After months of reviewing applications, the Office of Marijuana Policy on Friday made public for the first time the list of about 300 people who are applying for more than 200 state licenses to cash in on Maine’s long-awaited recreational marijuana market.

The list includes some surnames familiar to many Mainers, such as Baldacci, as well as those who may seem destined for a cannabis economy, such as Stoner. Applicants are seeking to do business throughout Maine, from Kittery to Presque Isle, under corporate names ranging from Green Cures to Weed Mart.

Robert and Elizabeth Baldacci of Cumberland, brother and sister-in-law of former Gov. John Baldacci, are among a large group of investors behind a grow facility application submitted by Coast 2 Coast Extracts, a Portland-based medical marijuana extraction lab.

One of Coast 2 Coast’s principals is Ray Payne, whose wife, attorney Hannah King, sits on the Marijuana Advisory Commission created to advise Maine lawmakers on marijuana laws. Another investor is Emile Clavet, one of the founders of Electricity Maine.

Other familiar names include Lucas Holden of Luke’s Lobster, listed as one of the owners of Pine Tree Maine, which wants to open a Sanford grow; and Timothy Sheehan, whose salvage-turned-wreath-turned-seafood company, Gulf of Maine Inc., wants to grow marijuana in Washington County.

As of Friday, Maine had received applications for four nurseries, 81 cultivation facilities, 30 bakeries and extraction labs, and 99 retail stores, according to state Office of Marijuana Policy data. Many of the individual business license applications list multiple would-be business owners.


The office began awarding its first conditional licenses Friday. Thirty-one applicants earned provisional state approval for adult-use cultivation facilities, manufacturing facilities and retail stores in 10 Maine cities and towns.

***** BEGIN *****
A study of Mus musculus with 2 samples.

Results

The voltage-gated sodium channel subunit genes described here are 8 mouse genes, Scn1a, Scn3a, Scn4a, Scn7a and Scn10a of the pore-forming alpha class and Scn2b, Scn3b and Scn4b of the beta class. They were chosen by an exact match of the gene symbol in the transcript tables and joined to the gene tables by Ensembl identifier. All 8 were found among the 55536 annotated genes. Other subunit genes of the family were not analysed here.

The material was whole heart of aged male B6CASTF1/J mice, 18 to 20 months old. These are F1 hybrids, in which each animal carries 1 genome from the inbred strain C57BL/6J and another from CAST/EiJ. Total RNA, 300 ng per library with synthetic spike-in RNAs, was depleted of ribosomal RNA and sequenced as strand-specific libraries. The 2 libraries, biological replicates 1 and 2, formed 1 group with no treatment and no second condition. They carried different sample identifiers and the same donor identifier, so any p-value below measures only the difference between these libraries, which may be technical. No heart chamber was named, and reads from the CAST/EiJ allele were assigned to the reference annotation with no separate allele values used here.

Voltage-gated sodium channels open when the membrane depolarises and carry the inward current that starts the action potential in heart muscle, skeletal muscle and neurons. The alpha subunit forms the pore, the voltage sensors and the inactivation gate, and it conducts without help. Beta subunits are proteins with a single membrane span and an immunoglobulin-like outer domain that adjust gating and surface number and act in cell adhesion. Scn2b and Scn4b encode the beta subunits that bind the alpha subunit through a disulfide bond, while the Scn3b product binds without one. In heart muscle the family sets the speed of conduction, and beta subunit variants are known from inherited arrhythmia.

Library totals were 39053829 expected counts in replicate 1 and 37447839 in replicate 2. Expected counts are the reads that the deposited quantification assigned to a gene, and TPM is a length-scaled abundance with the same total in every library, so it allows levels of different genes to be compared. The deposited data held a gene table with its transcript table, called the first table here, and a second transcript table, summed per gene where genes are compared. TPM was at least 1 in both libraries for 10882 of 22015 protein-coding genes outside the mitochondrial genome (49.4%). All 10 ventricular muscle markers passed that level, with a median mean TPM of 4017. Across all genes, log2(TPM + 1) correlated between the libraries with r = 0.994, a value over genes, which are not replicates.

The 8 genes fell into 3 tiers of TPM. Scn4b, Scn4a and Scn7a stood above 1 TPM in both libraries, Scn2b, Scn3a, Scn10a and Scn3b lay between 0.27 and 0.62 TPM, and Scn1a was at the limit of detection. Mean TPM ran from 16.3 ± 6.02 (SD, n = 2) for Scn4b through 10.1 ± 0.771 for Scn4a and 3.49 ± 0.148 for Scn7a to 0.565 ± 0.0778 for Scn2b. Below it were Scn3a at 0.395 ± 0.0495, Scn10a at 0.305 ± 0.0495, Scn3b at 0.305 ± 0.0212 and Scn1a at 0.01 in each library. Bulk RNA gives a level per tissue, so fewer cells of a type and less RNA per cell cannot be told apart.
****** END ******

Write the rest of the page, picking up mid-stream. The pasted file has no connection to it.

But a conditional state license is just the first step in a three-stage licensing process. The applicant must obtain local authorization, which can take anywhere from two weeks to a year depending on the town or city, before the business can return to the state to obtain a final active license.

Maine won’t issue active licenses until it has a testing lab ready, with all its licenses and certifications, to run the health, safety and potency tests required under state law. Currently, four labs are thinking about entering the Maine market, Gundersen said, but only one is close to being fully licensed.

To avoid a rush on one or two shops, the state will wait until there are enough fully licensed retail shops ready to operate before allowing them to begin selling to consumers, Gundersen said. He wouldn’t say how many shops must be ready for the state to set a launch date, but expects sales to start in late spring.

State budget forecasters expect the first recreational shops to open in June, more than three years after voters legalized adult-use cannabis in 2016. Despite the delay, the longest of any state in the nation to pass legalization, forecasters are banking on a robust kickoff – $5 million in sales in that first month.